The Grey

Out Now On-Demand

Live or die on this day.

Liam Neeson leads an oil-rig crew who are left for dead after a plane crash strands them in the wolf-infested Alaskan wilderness. From the director of The A-Team.

Ottway (Neeson) kills wolves for a living, keeping them away from the stationed oil well. After the crash, the lone huntman only has a few days to escort the roughneck survivors out of the icy elements and away from the pack of rogue wolves.

One day late-flowering action hero Liam Neeson will find his John McClane. And one day writer-director Joe will recapture the glory of his blistering debut, Narc. But though this muscular survival thriller finds both on fine form, it isn’t quite it.

We begin with a lengthy introduction to Neeson’s heartbroken hunter. He shoots wolves in the Alaskan oilfields while pining for a lost love – particularly poignant given the untimely death of Neeson’s wife, Natasha Richardson. On the plane back to civilisation there’s a horrendous crash, and he soon finds himself shepherding the other survivors across the unforgiving tundra as ravenous beasts prepare to attack.

Neeson, as usual, is magnificent. To quiet a mortally injured casualty, he whispers, gently, “You’re gonna die, that’s what’s happening… think of all the good things. Who do you love?” Ten minutes later he’s strapping shotgun shells to spears to make lethal “bang sticks”. How’s that for all-round action heroics

Carnahan’s no slouch either. The wolf attacks are sudden, frantic and terrifying, the dialogue is spare and smart, and there’s real emotion amid the machismo. While the intrusion of mundane detail – blizzards, tiredness, exposure – adds to the realism, it strips away too much of the excitement. Later, a wildly unlikely leap into the unknown does the opposite.

Pity, because as a grown-up action film about a silver fox taking down big, bad wolves, The Grey really delivers. As a bid for the major league from its star/director it snatches much-better-than-averageness from the jaws of awesomeness.

A.V. Club (USA)


Neeson brings gravitas to the table, acting as a legitimizing counterweight to the overwrought dialogue and flesh-tearing lupine hysteria. But in a scenario this persistently ludicrous, he can only do so much.

Boxoffice Magazine


This is admirably ambitious, but Carnahan's not nearly good enough a writer or director to pull it off: the results are portentous, muddled and not nearly as entertaining as Neeson's usual face-punching antics.

Chicago Sun-Times (Roger Ebert)


Sit through the entire credits. There's one more shot still to come. Not that you wouldn't be content without it.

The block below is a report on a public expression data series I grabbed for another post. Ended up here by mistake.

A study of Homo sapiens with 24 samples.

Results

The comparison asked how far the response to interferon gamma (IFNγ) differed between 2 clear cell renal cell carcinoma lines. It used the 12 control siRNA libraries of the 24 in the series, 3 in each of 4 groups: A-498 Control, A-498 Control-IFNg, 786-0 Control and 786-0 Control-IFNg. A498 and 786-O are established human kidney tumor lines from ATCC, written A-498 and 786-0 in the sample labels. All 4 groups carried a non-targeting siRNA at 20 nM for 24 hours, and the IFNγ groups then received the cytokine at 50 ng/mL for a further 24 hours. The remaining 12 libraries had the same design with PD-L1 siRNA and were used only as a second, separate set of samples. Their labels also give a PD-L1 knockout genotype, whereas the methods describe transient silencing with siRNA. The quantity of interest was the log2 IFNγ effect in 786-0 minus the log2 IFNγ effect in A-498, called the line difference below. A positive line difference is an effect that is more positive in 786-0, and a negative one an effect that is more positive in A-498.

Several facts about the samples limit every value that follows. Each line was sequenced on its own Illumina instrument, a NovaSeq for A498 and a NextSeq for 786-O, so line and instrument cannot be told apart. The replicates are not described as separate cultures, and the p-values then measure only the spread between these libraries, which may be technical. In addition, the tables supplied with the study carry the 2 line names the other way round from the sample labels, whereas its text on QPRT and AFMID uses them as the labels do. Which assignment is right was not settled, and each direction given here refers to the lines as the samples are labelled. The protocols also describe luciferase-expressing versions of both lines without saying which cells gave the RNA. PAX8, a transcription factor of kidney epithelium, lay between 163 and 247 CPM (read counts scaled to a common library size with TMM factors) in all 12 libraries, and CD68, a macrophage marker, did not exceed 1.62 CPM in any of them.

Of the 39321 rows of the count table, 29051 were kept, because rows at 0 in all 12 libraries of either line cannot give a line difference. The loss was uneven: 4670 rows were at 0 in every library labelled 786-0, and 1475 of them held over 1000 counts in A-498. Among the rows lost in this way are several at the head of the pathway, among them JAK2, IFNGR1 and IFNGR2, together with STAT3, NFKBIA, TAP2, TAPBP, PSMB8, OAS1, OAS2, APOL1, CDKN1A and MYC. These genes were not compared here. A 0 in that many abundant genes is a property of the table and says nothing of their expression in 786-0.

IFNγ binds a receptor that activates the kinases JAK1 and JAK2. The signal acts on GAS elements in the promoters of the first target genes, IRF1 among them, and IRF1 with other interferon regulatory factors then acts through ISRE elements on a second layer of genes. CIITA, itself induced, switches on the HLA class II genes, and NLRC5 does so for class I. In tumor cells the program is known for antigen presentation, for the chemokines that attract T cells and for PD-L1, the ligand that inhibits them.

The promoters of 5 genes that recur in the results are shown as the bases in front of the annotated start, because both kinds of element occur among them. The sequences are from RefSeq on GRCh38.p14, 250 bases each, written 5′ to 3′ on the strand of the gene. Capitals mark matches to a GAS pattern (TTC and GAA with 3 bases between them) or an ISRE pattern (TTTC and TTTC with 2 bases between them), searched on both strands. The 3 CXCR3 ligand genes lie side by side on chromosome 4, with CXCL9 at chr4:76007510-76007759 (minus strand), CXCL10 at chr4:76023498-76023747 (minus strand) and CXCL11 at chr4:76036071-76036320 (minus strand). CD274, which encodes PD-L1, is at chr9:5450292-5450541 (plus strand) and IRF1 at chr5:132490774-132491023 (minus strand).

Empire (UK)


Carnahan’s best work since Narc, with a powerhouse performance by Neeson and real emotional heft. So, as much Gut Puncher as Wolf Puncher.

Entertainment Weekly (USA)


As Neeson No-Brainers go, this one, directed as if on a diet of testosterone injections and shots of absinthe by Neeson's A-Team helmer, Joe Carnahan, is a reasonably entertaining, loopy blend of brawny bonding and Samuel Beckett-approved rumination.

Hollywood Reporter


Steely Alaska-set adventure delivers the goods.

New York Daily News


The gristle inside this movie is one of the things that save it from being simply a series of challenges.

New York Times


It's a fine, tough little movie, technically assured and brutally efficient, with a simple story that ventures into some profound existential territory without making a big fuss about it.

Rolling Stone (USA)


A terrifically exciting, deeply unsettling survivalist epic.

Time (USA)


True to its grim prospectus, The Grey dwells in haunted machismo to the very end.

Total Film (UK)


Supremely led by Liam Neeson, The Grey may be a wilderness tale, pure and simple, but it’s as compelling as they come.

Variety (USA)


The picture's dialogue-heavy stretches and ambiguous finale could leave ticketbuyers impatient for less chatter and more chomping.

The Grey-ish

The Grey

Mr Neeson plays another good role, and the film was better than I expected. With jumping scenes like from 'Red Riding Hood' (2011) and Neeson like a 'Bear Grills' leading the pack of guys near the place 'Alive' happened. A guy that wants to end his own life, seems to hang on to it more, when something wants to take it away. This picture is quiet and sneaks up on yah, not a great watch, but a good one. Take a girl, you'l get hugs during, and later that night,but she'l never go camping with you.

Genre : action, thriller, drama

3/5 : I did really like this, and loved the ending, just felt lacking something to enable me to give it more.